Fiction – print. Vintage, 2014. 415 pgs. Purchased.
In the 1960s, two brothers born roughly fifteen months apart explore the lowlands of Calcutta with a particular fascination for the Tolly Club, a golf course established for whites only by the British during the colonization of India. Their exploratory exploits are interrupted first by a policemen tasked with enforcing the club’s exclusivity and, later, by their pursuit of higher education.
Udayan, the younger brother, went to the Presidency to study physics; Subhash, the older, went to Jadavpur to study chemical engineering. At the Presidency, Udayan is exposed with the ideas of Marx and Mao, and he joins the Naxalite movement, calling for the redistribution of lands and capital to the Indian people from both the British remaining in India and the upper classes who have seized power. Udayan tries to pull Subhash into the movement, but Subhash does not see the appeal and chooses instead to pursue a PhD in America because of the scarcity of jobs in the newly renamed city of Kolkata.
As the physical distance between the two brothers increases, the emotional distance increases as well. Subhash focuses on his work in Rhode Island and life as one of the few Indian immigrants at his university while Udayan is pulled further into the Naxalite movement. So far, in fact, that he presumes his letters to Subhash are being read for clues as to what he and the Naxalites are planning and largely stops writing to his brother, only making an exception to inform his brother that he has married a woman of his choosing rather than allowing their parents to arrange his marriage as tradition and custom dictates.
As the novel moves forward in time, Subhash is pulled back to the lowlands of Kolkata when his brother is murdered by the West Bengal police force. Horrified to learn that his parents plan to kick their daughter-in-law out after she gives birth to Udayan’s child, Subhash offers to marry Gauri, bring her to America, and raise his niece or nephew as his own child. Gauri agrees yet her own wants and desires, her own needs and grief make it difficult for her to find a place in the family formed between Subhash and her daughter, Bela, and her ultimate decision shapes how the family moves forward into the future.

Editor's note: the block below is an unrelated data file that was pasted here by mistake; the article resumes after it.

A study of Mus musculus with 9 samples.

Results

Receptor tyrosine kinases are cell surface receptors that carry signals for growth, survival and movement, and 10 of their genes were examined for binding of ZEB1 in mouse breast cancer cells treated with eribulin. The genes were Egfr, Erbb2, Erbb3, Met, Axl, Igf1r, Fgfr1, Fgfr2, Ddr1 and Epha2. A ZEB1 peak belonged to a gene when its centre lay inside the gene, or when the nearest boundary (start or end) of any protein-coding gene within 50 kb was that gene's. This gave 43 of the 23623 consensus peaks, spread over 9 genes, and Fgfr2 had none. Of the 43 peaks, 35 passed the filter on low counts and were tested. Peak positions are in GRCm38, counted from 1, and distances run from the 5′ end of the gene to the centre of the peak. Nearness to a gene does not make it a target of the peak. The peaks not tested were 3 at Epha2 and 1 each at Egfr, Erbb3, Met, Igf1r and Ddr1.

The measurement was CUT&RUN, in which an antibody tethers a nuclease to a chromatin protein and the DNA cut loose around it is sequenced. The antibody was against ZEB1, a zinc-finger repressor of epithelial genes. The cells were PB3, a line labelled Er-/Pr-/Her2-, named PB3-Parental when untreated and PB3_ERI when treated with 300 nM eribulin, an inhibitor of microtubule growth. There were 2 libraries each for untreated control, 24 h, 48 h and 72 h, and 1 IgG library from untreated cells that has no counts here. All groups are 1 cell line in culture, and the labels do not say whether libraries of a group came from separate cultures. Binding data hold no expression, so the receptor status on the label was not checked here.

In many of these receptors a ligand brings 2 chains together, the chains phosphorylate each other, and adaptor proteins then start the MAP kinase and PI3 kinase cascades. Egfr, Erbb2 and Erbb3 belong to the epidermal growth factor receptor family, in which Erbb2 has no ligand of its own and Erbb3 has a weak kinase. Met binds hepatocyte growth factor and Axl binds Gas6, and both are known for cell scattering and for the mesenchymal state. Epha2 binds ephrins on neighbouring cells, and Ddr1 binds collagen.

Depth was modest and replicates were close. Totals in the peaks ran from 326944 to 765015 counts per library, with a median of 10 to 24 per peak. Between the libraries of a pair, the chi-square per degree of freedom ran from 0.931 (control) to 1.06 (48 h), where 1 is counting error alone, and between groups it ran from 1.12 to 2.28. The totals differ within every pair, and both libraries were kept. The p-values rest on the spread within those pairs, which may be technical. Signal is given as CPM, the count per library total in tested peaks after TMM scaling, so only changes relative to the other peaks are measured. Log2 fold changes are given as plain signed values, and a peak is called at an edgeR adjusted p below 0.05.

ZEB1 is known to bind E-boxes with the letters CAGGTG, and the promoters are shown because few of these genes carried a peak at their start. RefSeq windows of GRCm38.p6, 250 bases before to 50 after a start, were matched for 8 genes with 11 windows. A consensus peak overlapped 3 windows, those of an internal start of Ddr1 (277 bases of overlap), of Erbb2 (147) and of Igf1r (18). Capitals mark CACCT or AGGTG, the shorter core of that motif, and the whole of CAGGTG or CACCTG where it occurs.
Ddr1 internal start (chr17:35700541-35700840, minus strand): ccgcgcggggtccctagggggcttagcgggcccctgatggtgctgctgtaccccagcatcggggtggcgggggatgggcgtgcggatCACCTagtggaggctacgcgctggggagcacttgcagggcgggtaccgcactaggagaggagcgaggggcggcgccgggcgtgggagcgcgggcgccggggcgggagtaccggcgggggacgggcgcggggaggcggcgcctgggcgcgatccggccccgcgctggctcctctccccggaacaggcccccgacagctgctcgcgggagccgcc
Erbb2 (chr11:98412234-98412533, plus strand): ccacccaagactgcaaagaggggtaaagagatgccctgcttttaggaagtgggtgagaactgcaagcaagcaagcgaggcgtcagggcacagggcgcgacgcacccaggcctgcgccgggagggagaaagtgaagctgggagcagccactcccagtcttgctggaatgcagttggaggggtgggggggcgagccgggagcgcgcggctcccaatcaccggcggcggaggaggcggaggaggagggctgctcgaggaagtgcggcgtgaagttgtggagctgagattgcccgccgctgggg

Haunting and haunted. Those two words best summarize the content and feeling of Lahiri’s novel. Subhash and Gauri are haunted by the past, by the loss of Udayan and the secrets they keep from each other and from Bela to create a family out of the ashes of what was left behind. Bela, who moves from newborn to four-years-old to college to aimless twenty-something in the course of the novel, is haunted by secrets she does not know exist.
And the writing itself is haunting; a chill invoked with every word and phrase to reiterated over and over again how difficult life in exile can be. Exile in America as an immigrant. Exile in marriage as an unhappy participant. Exile in life when one is unwilling to forgive or when one crosses into the taboo (for example, a woman who does not immediately and instinctively find fulfillment with motherhood).
This is not a warm book; it will not sweep you away with descriptions or emotions. Yet the stark and, yes, haunting way that Lahiri writes builds up the emotional connection over time. The conclusion, which may have felt contrite under another author, feels natural.
The Lowland was both a finalist for the 2013 National Book Award and shortlisted for the 2013 Man Booker Prize.